Consumer Confidence Improves, But Jobs Numbers Hard to Predict

Aug 31, 2010
This article is part of a series called News & Trends.

It’s numbers week in the U.S. again. The time of the month when the official government employment data makes its appearance, influencing stock markets worldwide, and corporate hiring decisions nationally.

Predictions of what Friday’s labor report from the U.S. Bureau of Labor Statistics will show are already beginning to appear. A Dow Jones Newswire survey of economists says that on average they expect the U.S. to have lost 110,000 jobs during August. That’s mostly due to the continuing layoff of temporary Census workers.

Because of the massive Census hiring, analysts have been paying closer attention to developments in private sector hiring. In July, the BLS said 71,000 non-government jobs were created, though the Census layoffs resulted in a total loss of 141,000 jobs. (Both those numbers are likely to be adjusted in the Friday release.)

Tomorrow, we get a preview of what may be in store when ADP releases its National Employment Report. The payroll processor uses its data to estimate the monthly change in private sector employment. While the numbers are usually lower than the government’s, they tend to accurately predict whether jobs were added or lost.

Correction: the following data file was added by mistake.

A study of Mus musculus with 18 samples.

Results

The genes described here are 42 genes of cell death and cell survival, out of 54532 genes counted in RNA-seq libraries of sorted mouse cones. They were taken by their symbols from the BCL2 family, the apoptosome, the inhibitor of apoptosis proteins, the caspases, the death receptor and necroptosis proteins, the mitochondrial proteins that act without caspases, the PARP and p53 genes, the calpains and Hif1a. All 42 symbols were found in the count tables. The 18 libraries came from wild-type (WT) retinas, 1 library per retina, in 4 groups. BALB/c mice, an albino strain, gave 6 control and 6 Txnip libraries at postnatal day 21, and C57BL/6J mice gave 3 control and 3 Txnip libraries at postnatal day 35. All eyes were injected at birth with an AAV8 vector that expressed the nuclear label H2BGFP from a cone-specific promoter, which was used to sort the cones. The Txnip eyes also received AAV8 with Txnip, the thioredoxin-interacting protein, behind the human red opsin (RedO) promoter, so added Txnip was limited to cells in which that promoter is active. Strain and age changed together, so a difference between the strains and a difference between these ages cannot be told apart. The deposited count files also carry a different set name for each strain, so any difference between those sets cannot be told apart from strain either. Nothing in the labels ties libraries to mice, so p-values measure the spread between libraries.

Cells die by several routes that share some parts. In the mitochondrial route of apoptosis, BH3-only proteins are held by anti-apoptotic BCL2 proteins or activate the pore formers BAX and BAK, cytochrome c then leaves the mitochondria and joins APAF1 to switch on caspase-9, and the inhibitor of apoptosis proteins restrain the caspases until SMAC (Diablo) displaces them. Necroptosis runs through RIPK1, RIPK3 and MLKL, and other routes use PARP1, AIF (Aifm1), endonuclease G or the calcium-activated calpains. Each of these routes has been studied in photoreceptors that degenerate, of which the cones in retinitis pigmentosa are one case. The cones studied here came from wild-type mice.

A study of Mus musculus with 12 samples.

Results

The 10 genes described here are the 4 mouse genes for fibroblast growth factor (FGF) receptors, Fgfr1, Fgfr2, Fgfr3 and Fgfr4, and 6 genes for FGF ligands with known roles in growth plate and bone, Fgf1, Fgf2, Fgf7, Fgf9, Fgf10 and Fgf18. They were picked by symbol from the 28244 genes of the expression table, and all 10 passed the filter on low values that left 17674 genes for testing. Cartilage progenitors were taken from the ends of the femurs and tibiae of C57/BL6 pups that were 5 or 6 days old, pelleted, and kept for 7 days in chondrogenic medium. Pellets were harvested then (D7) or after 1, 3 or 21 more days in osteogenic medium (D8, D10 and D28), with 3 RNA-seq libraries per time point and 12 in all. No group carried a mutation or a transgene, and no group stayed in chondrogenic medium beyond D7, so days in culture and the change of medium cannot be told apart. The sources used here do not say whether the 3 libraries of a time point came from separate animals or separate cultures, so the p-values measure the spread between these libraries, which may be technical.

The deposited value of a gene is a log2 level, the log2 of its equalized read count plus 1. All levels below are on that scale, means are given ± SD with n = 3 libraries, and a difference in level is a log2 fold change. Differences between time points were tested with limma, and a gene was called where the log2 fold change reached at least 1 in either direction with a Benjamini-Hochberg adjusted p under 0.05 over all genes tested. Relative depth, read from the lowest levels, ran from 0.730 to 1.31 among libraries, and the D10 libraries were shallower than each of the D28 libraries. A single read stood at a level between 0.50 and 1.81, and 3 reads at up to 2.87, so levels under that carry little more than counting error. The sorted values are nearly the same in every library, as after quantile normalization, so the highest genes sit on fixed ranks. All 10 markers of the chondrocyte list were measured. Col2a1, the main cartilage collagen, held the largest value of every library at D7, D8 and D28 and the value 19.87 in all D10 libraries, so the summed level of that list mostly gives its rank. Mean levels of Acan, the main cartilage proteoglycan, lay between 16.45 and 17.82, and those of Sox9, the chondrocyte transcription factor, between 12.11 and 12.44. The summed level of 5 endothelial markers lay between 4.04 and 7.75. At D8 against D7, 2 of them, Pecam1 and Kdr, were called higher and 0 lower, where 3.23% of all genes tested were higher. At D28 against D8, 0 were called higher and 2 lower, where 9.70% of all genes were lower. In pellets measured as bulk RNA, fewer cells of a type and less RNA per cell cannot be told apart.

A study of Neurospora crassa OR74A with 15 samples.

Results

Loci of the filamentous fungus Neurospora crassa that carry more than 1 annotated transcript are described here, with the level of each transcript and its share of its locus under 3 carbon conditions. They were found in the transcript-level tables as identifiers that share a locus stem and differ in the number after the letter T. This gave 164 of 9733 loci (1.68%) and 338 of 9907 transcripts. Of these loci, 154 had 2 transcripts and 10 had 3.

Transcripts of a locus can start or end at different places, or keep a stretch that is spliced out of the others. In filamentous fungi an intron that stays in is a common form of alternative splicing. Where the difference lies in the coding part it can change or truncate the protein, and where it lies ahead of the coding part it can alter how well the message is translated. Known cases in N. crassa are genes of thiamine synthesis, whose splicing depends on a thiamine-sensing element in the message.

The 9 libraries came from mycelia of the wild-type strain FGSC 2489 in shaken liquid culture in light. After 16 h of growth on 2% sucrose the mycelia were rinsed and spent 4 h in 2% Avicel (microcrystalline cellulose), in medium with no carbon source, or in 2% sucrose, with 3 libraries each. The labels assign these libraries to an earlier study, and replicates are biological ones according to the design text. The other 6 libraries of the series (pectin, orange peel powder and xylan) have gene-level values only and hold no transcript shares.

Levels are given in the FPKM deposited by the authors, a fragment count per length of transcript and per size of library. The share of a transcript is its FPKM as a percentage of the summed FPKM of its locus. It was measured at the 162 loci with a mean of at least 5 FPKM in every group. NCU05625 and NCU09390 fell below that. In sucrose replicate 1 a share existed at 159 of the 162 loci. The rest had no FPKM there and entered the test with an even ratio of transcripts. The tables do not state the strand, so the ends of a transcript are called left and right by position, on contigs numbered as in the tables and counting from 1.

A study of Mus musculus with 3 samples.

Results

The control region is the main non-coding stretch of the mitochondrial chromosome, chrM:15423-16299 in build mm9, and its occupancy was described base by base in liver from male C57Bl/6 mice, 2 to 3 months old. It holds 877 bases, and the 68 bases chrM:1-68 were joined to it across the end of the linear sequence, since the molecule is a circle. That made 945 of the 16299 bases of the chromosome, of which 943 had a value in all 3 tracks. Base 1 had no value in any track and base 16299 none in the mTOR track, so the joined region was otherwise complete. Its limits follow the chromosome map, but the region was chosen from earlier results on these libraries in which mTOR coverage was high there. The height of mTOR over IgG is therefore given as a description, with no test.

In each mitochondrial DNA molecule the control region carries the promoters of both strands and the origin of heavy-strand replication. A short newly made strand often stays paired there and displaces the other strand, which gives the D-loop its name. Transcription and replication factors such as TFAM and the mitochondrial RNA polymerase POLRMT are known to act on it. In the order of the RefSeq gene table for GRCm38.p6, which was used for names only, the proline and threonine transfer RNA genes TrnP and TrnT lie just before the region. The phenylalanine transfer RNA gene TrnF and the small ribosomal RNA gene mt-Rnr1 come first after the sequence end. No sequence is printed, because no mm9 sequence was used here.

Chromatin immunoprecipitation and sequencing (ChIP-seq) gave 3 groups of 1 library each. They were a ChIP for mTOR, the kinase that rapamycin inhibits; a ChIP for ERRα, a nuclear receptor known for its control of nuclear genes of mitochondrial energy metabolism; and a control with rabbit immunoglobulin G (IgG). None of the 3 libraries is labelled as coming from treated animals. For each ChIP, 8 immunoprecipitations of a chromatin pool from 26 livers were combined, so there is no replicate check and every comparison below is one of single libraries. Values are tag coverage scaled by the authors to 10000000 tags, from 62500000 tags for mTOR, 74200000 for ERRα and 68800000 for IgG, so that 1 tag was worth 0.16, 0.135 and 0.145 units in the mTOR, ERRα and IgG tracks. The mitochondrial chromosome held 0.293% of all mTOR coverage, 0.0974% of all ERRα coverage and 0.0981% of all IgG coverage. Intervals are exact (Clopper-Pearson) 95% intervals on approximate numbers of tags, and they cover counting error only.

There’s not much consensus among the market blogs and advisory services that try to crystal-ball the report. Zacks Investment Research says the ADP report will show 15,000 jobs lost in August. MF Global UK Limited, meanwhile, is looking for a gain of 13,000.

Once the report is released, which is usually just before the business day starts on the East Coast, we’ll see new predictions of what Friday’s BLS report will contain.

Also out in the morning will be  The Conference Board’s Help Wanted Online Data Series. It counts the number of online job postings in total, and the number of new listings.

The Help Wanted series, and Monster’s Employment Index (out Thursday) help show the national hiring trend. The Monster Index has been moving up slowly, but consistently, since the beginning of the year. The Help Wanted numbers are more erratic, though the total number of job ads online has risen by almost 260,00 since January.

As always, surprises are not unusual. For instance, The Conference Board’s Consumer Confidence Index, released this morning, improved to 53.5 from a revised 51 in July. That was a little better than what some economists were expecting.

This article is part of a series called News & Trends.